NEWARK, N.J. — Software provider Lightyear Dealer Technologies, doing business as DealerBuilt, has entered into a settlement agreement with the New Jersey state regulators to resolve an investigation into a cybersecurity lapse that allowed access to a company database containing personally identifiable information of customers and employees at more than 100 dealerships nationwide, including four dealerships located in the state.
The security lapse was exposed in 2016 when a security researcher accessed unencrypted files containing names, addresses, Social Security numbers, driver’s license numbers, bank account information and other data belonging to thousands of individuals, including at least 2,471 New Jersey residents, according to Attorney General Gurbir Grewal and the Division of Consumer Affairs.
“Through this settlement, New Jersey is holding DealerBuilt accountable for a security lapse that exposed sensitive personal data belonging to thousands of our residents and untold numbers of consumers nationwide,” said Attorney General Grewal. “As a result of our negotiations, DealerBuilt has agreed to implement comprehensive cybersecurity protocols to better protect consumers in all states against the threat of identity theft or other cybercrimes.”
DealerBuilt agreed to create an information security program to be implemented and maintained by a chief security officer with appropriate background and experience in information security. The company also agreed to maintain and implement encryption protocols for personal information stored on laptops or other portable devices or transmitted wirelessly, as well as add and update policies that define which users have authorization to access its computer network.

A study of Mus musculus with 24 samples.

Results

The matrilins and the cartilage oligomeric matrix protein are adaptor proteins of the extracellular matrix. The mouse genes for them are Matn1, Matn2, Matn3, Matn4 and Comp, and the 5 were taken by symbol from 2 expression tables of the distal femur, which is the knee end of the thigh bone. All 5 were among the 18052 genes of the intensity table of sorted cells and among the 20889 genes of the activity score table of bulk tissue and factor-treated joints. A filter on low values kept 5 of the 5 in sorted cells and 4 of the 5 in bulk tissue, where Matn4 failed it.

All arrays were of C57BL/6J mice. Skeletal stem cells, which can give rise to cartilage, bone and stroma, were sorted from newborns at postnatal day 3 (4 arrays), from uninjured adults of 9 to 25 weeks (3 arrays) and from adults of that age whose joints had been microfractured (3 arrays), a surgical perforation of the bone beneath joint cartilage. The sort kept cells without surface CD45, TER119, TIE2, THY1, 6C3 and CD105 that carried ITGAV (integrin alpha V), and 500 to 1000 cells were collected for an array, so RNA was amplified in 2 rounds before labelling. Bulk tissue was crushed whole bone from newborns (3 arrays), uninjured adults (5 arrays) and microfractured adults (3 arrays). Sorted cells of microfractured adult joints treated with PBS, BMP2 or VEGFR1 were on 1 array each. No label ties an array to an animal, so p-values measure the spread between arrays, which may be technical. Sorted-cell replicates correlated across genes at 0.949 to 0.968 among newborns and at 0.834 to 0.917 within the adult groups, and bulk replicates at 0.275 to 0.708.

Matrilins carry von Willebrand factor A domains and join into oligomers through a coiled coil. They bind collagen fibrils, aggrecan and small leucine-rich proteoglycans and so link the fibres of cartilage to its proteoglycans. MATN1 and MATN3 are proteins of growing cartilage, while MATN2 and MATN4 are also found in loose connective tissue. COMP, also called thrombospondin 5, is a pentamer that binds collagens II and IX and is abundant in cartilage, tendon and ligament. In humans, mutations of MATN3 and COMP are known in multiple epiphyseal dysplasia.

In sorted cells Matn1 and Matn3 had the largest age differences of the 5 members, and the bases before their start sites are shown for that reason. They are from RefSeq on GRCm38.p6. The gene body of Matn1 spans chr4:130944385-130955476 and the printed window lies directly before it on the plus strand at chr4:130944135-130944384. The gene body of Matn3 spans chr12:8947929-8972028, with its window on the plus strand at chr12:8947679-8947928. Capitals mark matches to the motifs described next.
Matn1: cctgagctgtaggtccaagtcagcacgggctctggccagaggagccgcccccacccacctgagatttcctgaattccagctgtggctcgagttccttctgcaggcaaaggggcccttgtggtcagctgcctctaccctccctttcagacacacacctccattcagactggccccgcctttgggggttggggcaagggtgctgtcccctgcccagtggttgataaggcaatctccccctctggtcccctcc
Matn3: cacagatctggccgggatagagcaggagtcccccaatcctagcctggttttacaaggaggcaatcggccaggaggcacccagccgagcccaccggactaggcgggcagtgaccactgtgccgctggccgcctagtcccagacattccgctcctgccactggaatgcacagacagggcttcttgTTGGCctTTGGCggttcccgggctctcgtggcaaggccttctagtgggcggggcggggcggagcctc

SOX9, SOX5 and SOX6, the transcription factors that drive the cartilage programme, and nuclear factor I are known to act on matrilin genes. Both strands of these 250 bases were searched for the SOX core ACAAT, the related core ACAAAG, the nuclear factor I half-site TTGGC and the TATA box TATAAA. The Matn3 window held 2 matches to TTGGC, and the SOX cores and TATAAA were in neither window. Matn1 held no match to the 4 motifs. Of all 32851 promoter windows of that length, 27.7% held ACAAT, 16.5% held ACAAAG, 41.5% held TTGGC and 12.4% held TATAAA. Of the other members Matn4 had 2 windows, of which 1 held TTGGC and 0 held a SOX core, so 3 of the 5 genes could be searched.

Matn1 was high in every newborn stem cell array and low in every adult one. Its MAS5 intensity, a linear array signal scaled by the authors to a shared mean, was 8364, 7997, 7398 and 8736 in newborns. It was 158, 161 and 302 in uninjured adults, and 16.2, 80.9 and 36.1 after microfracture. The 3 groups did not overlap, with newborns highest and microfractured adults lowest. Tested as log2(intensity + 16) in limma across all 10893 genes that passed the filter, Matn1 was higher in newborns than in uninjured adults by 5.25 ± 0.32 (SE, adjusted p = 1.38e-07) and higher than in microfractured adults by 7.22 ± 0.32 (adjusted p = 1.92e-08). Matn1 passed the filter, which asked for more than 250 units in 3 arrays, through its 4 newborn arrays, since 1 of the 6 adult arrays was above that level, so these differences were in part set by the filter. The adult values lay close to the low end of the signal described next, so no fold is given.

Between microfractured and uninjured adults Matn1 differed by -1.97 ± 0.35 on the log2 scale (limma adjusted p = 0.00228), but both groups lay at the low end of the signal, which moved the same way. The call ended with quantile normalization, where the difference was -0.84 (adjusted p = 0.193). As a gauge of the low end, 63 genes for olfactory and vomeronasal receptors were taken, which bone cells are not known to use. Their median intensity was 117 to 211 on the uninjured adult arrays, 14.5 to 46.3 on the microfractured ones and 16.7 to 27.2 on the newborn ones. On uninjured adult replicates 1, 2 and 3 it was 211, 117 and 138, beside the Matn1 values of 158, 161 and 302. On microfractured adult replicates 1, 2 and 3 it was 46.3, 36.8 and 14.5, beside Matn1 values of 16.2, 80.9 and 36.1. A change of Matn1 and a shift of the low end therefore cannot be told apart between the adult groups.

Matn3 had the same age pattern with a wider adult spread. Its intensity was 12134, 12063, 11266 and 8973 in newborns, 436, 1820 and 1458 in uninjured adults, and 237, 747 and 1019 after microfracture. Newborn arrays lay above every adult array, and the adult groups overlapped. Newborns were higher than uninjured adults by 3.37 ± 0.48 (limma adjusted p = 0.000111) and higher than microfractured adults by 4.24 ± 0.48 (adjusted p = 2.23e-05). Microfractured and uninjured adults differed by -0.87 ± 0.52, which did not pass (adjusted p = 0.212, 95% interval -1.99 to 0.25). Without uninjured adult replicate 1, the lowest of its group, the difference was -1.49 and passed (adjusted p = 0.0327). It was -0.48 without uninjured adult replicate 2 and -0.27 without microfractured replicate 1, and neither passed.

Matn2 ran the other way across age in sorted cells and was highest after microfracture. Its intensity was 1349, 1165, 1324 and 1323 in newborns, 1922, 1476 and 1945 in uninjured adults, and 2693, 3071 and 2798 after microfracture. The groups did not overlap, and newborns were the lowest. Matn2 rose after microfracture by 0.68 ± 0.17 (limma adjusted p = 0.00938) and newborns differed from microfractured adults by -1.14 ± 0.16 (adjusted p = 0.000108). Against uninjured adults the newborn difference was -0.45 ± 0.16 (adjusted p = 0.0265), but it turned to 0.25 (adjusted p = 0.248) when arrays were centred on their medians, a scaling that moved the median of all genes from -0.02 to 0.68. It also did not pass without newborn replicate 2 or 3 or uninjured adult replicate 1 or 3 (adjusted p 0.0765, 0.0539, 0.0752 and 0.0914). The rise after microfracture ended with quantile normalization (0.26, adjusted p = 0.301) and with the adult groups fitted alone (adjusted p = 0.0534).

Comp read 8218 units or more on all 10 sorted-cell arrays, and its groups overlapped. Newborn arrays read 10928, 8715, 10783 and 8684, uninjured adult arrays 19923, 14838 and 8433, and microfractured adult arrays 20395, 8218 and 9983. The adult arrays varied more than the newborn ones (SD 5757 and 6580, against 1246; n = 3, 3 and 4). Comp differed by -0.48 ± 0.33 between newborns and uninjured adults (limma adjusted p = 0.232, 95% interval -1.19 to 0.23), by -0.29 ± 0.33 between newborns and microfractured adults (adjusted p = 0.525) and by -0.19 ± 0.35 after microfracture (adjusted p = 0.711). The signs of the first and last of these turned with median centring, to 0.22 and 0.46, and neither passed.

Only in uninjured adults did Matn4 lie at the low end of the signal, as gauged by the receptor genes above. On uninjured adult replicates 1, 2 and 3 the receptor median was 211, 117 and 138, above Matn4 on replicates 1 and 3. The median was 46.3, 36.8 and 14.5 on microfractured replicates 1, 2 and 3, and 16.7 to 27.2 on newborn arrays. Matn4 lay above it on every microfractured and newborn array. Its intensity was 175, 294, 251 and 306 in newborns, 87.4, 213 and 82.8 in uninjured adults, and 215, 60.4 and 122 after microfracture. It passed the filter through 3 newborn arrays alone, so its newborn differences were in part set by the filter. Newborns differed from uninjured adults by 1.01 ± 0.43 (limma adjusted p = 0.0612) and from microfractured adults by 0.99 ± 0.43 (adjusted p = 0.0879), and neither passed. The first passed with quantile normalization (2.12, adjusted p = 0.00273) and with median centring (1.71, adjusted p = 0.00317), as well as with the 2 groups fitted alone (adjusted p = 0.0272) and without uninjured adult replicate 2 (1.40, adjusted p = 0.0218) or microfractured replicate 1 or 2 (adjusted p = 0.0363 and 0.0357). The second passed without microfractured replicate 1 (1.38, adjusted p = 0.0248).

Additionally, the tech firm must maintain enforcement mechanisms to approve or disapprove access requests based on those policies, as well as maintain data security assessment tools, including vulnerability scans. The company also agreed to an $80,784 settlement amount.
“Data breaches like this are a sobering reminder of what can happen when companies fail to adequately protect the sensitive data they collect and store electronically,” said Paul R. Rodriguez, acting director of the Division of Consumer Affairs. “As this settlement demonstrates, New Jersey stands ready to vigorously enforce the laws that protect consumers from the risk of having their most personal information exposed.”
Through its investigation, the division found that in April 2015, a misconfigured file synchronizing program allowed unauthorized access to a database containing encrypted files back up by approximately 130 of DealerBuilt’s client dealerships nationwide, including at least four in New Jersey.
According to the regulators, sometimes between Oct. 29 and Nov. 3, 2016, a security researcher was able to access the DealerBuilt database and downloaded files from five of those dealerships, including Winner Ford in Cherry Hill, N.J.
Upon learning of the vulnerability on DealerBuilt’s systems, the security researcher published an online article drawing attention to the fact that the files were backed up and stored without adequate security protocols in place. The revelation prompted the Division of Consumer Affairs’ investigation into whether DealerBuilt was in violation of the New Jersey Consumer Fraud Act and Identity Theft Prevention Act.